Super Moderator BATcher's Avatar

    It's for use in a semi-public area where it would cause considerably annoyance for the person who is not continuously present at their PC to have to retype a domain password each time the screensaver cuts in, but where pressing one or two keys would be acceptable.

    (I've tried to think of an appropriate Google search, but so far my attempts have failed miserably...!)
    BATcher

    Plutonium Lounger Leif's Avatar
    I'm looking for a screensaver which, instead of the user having to retype their domain password to return to where they were - "on resume, password protect", requires them to press a specific key or key-combination.

    It's for use in a semi-public area where it would cause considerably annoyance for the person who is not continuously present at their PC to have to retype a domain password each time the screensaver cuts in, but where pressing one or two keys would be acceptable.
    I suppose a 2-character password is out of the question?

    Is it for the same person logging in each time? How about a fingerprint reader? - probably no key presses at all! You can get them integrated into mice too nowadays...

  3. #3
    Super Moderator BATcher's Avatar
    I suppose a 2-character password is out of the question?

    Is it for the same person logging in each time? How about a fingerprint reader? - probably no key presses at all! You can get them integrated into mice too nowadays...
    If you can show me a system which allows a password of two characters, then I'll show you Windows for Workgroups 3.11! For WS2003, six characters is the minimum, AFAICR.

    I suppose I should have included the word 'free' somewhere along the line - I'm afraid that a couple of 39 mice isn't really what I've been asked to find...
    BATcher

    Plutonium Lounger


  5. #5
    Plutonium Lounger Leif's Avatar
    I suppose I should have included the word 'free' somewhere along the line..........
    Well, if you want cheap, just put a picture of a BSOD as the screen saver without any password protection. No-one in their right mind is going to want to get involved with a pc showing that...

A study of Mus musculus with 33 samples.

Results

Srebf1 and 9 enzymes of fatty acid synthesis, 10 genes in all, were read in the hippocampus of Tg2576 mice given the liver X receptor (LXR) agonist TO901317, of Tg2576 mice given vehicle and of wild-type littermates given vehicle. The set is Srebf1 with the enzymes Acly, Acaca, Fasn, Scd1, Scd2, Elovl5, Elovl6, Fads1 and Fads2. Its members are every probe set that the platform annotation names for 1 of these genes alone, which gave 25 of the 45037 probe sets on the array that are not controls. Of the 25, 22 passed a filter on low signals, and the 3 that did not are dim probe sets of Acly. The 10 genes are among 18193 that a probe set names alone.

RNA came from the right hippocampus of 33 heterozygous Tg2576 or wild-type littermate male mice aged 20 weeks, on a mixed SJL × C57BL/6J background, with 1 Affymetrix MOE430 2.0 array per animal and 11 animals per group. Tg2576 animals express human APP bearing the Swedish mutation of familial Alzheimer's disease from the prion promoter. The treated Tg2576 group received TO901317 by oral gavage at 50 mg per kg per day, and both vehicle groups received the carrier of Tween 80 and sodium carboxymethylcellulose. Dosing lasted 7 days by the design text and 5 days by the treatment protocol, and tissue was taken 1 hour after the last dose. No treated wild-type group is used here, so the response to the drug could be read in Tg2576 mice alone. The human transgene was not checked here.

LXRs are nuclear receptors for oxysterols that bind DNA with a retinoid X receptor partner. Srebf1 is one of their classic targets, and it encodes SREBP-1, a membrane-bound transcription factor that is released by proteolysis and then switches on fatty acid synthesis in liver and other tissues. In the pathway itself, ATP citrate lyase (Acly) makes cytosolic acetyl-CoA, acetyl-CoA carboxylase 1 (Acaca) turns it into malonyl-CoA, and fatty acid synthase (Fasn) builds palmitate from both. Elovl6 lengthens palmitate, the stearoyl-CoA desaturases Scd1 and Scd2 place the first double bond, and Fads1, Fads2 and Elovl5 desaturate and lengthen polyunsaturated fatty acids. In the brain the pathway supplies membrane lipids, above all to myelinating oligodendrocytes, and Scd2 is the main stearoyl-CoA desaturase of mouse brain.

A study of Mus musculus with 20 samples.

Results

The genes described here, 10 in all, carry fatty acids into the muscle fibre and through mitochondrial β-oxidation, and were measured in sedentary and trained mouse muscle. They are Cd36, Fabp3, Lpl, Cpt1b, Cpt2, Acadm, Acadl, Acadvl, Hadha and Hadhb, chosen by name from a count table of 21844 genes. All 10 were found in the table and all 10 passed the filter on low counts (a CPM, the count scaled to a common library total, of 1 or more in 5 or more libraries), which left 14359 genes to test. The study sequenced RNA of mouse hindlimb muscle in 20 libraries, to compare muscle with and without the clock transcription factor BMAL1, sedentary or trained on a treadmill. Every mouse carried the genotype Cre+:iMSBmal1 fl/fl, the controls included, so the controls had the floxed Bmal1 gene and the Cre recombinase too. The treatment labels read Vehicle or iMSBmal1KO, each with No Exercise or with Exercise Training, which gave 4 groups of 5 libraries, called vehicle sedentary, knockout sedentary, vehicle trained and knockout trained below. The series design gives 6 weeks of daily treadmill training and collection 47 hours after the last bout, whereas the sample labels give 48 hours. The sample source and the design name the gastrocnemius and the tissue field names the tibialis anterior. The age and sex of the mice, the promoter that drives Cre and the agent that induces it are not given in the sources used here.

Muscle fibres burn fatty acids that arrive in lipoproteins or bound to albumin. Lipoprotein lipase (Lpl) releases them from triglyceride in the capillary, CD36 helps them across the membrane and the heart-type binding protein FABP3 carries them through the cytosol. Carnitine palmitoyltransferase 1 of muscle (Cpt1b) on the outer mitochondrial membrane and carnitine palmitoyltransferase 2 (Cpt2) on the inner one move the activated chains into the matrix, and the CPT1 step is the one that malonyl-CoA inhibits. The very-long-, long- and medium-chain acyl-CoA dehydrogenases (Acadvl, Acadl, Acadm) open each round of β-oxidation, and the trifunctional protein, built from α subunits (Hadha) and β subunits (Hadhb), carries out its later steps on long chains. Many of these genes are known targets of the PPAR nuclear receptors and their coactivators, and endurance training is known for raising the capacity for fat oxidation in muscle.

6. #6
    Silver Lounger
    Well, if you want cheap, just put a picture of a BSOD as the screen saver without any password protection. No-one in their right mind is going to want to get involved with a pc showing that...

  7. #7
    Super Moderator BATcher's Avatar
    A password of one or two characters isn't very safe anyway - it'd be very easy for an onlooker to see that pressing "X" unlocks the PC. So why not turn off password protection for the screensaver? The user would only have to move the mouse or press the "any" key to discard the screensaver...
    Has the point been missed, perhaps? The intention is that when the PC user leaves his PC, then the screensaver cuts in after a couple of minutes so that compromising data is hidden when any onlooker onlooks during the absence of the user. When the onlooker has been shooed away, then the real user upon his return can press the couple of characters of the screensaver password and return to working the PC... It's a sort of Data Protection Act thing.

    I had forgotten about the Blue Screen screensaver, and am mildly surprised that Microsoft didn't 'kill' it when Mark joined them!
    BATcher

    Super Moderator jscher2000's Avatar
    Has the point been missed, perhaps? The intention is that when the PC user leaves his PC, then the screensaver cuts in after a couple of minutes so that compromising data is hidden when any onlooker onlooks during the absence of the user.
    How far away? If the user is going out of Bluetooth range, you can use a commercial device or an open source program to lock the machine when the "user" signal is lost. The commercial device (can't find a link at the moment) comes with a USB dongle and a small transmitter you put in your pocket. The free software is often used with mobile phones. However, you probably have a variety of options (e.g., wireless mouse).